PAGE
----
A bit of an "ugly duckling" on VoltAge110 these days, with the "perfect" '62 Faema Urania, and snooty '73 Olympia Cremina we've featured recently. But you can't be perfect all the time. Or we sure can't! So in a change of pace, here's a '78 Europiccola with a few rust spots in the drip tray (and a couple other tiny spots on the base.)
But in the interest of trying to keep affordable vintage machines available (and the fact that we just like this particular machine) here you go.
We've added a plastic drip tray that Pavoni eventually began using to try to combat the "water sitting in the drip tray" issues. We think Pavonis looked quite elegant without it. Especially the early all chrome models. (See the last pic for how this model "originally" looked without the tray.) So the new owner can go either way, but it does make some sense for drip management.
Aside from the Pavoni "pock marks," though, this is a pretty nice, low hours late '70s dual element Europiccola. (Check out the lack of wear in the lever roller hole, where older Pavonis can get "ovaled out" after years of use)
From the end of the era when things like the solid brass boiler plug, and cool early style rubber sub base (in good shape) were still part of the Pavoni charm, before the succession of plastic parts starting hitting these machines (and society at large!)
We've gone all through it, as usual, and with the new seals, a descale, lube, and piston throw adjustment, we're pretty confidant in saying if you're the sort who wouldn't mind a vintage Euro that's mechanically flawless, if not aesthetically flawless, you've found a good candidate here.
Of course this predates the pressurestat era, so when you turn it on, it's "on!" Switch to "II" for heating up (or steaming) which turns both elements on, and once the pressure relief valve starts to hiss, switch it down to "I" and pull your shot. Or the reverse. Some people like to pull their shot BEFORE it heats up all the way because these get HOT. Just don't go off without switching it off. (Although who even gets to go "off" these days?)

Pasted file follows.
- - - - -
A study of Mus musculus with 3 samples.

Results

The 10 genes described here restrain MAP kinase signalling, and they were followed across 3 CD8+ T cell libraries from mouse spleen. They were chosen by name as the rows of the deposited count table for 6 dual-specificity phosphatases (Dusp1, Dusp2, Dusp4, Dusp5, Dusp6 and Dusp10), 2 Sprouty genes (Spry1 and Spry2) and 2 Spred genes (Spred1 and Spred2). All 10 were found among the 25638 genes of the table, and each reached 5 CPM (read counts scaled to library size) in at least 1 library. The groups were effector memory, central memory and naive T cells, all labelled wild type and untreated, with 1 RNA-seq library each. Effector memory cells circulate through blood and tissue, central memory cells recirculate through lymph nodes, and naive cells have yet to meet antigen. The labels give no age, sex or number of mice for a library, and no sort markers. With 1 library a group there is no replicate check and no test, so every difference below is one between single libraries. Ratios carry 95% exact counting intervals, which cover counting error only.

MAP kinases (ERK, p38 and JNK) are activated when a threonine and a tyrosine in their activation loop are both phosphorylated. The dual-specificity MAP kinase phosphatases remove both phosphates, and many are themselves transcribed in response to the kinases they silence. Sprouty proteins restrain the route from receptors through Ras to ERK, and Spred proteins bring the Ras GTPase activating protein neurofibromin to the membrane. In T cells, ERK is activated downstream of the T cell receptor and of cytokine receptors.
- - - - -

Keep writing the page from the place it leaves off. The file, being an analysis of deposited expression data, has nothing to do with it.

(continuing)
Keep decent water in it, don't run it dry, and you'll have a nice vintage Pavoni that should last for years.
Comes with a brand new bottomless portafilter, and double basket. (As with all "pre-millennium" models, it's a 49mm portafilter.)
We haven't had one for sale this "cheap" for a while, as we've concentrated on finding the "special" stuff to put on voltage110. So this is a bit of an experiment. We're trying to respond to the the steady drumbeat of, "More Pavonis! More Pavonis!" So let us know if you're ok seeing more "ugly" vintage Pavonis on here, or whether we should stick to the "cream puffs." It costs us the same amount of parts and materials for the rebuilds whether the machines are "perfect" or not!